Safety first: Amy Gillett Foundation CEO Phoebe Dunn (left) and Ford Australia and New Zealand CEO Kay Hart at the launch of the 2018 Driving Skills for Life program.

Renewed focus on cyclist safety in Ford’s Driving Skills for Life 2018 program

Ford logo20 Sep 2018

FORD Australia has tweaked its Driving Skills for Life (DSFL) program with a fresh focus on bicycle safety, while expanding it to new locations across the country for 2018.
 
Now in its fourth year in Australia, the program aims to help young people develop safer driving habits with a goal of reducing the high rates of death among younger road users.
 
This year, Ford has partnered with the Amy Gillett Foundation, one of the country’s leading cycling safety organisations that was set up after Ms Gillett who was killed by a driver in Germany while cycling with the Australian women’s cycling team in 2015.
 
The 2018 DSFL program looks at methods to improve road safety, but also highlights ways to reduce tensions and focus on how to better share the road.
 
Ford Australia and New Zealand CEO Kay Hart said the company hoped people would change some of their driving behaviours as a result of the program.
 
“We are very happy to be bringing back such a value-rich program, helping young and new drivers across Australia gain driving skills for life,” she said.
 
“Year on year, we are continuing to find a strong need for new and young drivers to take part in hands-on training to help give them skills to stay safe on the road. This program aims to shift the dial on people’s behaviour when driving and reduce the severity of unintended negative consequences.”
 
Ford decided to emphasise cyclist education in this year’s program after seeing the results of its Road Safety Survey of nearly 2000 Australians that showed 49 per cent of respondents do not feel confident driving alongside cyclists.
 
The survey also showed that 18 per cent of respondents admitted to road rage or being actively aggressive towards cyclists.
 
It identified “a lack of driving experience, lack of awareness of cyclists and careless driving” as key factors in crashes, serious injuries and fatalities and found that a third of respondents felt they were not adequately trained to share the road with cyclists.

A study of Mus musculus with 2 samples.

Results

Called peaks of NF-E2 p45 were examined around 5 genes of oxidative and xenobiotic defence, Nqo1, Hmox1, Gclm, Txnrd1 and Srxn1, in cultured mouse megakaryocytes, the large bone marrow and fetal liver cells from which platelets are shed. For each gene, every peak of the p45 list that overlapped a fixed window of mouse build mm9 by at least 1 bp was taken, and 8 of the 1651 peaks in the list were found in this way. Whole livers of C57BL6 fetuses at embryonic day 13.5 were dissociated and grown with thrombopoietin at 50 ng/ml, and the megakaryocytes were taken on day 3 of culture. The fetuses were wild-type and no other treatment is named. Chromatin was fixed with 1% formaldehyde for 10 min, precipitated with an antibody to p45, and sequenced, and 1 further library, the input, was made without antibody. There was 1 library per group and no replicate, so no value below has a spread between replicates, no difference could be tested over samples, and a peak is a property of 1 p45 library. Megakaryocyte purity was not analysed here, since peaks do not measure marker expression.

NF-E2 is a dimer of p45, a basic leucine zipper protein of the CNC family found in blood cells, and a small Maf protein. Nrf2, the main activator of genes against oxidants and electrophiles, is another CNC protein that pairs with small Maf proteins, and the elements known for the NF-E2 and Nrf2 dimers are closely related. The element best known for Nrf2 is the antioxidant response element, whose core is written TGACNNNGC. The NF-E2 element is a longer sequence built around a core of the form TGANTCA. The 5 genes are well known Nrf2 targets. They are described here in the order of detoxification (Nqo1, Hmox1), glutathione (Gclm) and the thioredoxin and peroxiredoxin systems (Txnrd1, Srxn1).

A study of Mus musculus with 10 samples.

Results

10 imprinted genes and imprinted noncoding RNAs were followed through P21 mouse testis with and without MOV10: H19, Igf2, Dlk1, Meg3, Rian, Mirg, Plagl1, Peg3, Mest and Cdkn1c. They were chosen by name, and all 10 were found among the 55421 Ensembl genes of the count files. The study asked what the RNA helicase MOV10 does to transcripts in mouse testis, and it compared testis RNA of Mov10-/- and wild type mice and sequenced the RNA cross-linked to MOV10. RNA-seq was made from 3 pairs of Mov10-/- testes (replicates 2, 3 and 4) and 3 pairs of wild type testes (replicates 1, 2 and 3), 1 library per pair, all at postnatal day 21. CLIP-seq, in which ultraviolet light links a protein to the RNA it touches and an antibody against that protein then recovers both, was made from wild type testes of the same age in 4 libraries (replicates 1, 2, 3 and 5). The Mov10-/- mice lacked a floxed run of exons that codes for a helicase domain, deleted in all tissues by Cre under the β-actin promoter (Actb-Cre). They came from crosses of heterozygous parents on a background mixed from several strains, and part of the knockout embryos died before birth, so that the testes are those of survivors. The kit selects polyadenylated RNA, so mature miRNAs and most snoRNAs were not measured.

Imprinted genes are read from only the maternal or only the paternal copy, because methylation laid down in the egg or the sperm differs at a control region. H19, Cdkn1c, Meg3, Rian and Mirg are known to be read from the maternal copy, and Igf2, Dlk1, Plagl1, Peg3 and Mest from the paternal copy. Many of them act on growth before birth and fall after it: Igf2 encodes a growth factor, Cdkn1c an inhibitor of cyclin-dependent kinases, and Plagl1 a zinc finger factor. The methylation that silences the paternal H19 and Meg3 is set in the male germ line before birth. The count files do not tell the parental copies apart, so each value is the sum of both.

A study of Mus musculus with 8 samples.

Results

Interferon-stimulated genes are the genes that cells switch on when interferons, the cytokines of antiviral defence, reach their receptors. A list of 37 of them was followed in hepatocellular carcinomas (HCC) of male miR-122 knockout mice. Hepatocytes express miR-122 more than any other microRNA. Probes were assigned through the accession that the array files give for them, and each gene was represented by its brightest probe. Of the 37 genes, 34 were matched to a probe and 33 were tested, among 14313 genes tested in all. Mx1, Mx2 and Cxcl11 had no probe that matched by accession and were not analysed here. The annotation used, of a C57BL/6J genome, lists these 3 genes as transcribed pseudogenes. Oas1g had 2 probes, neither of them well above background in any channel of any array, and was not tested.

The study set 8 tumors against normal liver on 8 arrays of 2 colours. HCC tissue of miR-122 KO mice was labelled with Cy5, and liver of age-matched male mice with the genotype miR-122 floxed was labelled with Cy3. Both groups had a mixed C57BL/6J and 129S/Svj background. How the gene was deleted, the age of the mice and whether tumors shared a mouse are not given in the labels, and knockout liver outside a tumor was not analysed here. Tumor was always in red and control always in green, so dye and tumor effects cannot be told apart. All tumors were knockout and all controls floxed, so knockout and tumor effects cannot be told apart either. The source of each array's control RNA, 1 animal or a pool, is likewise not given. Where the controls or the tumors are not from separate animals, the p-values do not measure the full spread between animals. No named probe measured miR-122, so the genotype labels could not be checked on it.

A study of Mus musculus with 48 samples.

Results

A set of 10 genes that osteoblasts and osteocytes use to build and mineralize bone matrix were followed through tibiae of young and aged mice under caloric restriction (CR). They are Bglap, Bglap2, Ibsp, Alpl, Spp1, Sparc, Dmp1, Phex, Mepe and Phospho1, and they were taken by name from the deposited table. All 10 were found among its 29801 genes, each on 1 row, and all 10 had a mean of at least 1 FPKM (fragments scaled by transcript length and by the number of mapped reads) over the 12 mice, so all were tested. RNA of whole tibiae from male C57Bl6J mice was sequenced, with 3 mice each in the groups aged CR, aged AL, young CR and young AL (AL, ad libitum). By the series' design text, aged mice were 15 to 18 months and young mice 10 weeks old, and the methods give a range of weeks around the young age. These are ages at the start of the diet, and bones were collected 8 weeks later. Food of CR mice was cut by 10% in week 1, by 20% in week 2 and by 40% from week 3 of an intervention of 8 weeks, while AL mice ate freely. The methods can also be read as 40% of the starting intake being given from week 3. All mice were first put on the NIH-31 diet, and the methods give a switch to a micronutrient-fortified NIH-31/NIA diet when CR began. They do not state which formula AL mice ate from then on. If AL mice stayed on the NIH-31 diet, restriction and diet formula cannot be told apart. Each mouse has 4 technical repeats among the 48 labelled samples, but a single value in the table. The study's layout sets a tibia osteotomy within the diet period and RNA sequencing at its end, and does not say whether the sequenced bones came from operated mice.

Ford says that in the past year, there has been an 80 per cent increase in cyclist deaths on Australian roads.
 
Amy Gillett Foundation CEO Phoebe Dunn highlighted the need to better driver education relating to cyclists.
 
“When we choose active transport, we are at our most vulnerable on the roads,” she said. “Yet there is little to no content in driver training and licensing programs around Australia on how to share the road safely with cyclists. Drivers are simply not being given the skills they need to safely share the roads.
 
“Education and training are vital components of achieving behaviour change and making the roads a safer place for all road users. We are looking forward to working with the team at Ford to do just that, and we commend them for their efforts to include vulnerable road users in new driver training.”
 
The program includes a mix of virtual reality and hands-on cycling simulations, as well as experiencing ABS and stability control in some Ford vehicles. It also includes the Ford Impairment Suit which mimics the effects of alcohol.
 
This year’s program will visit six locations around Australia, including Sydney, Wollongong, Melbourne, Ballarat, Brisbane and Toowoomba, between late September and early December.
 
It is free for anyone to attend but the numbers are limited in each location, so anyone interested should check the DSFL website.
 
The Ford DSFL program is funded by Ford’s philanthropic arm based at its Detroit headquarters. It has been rolled out in the US, Europe and Asia Pacific.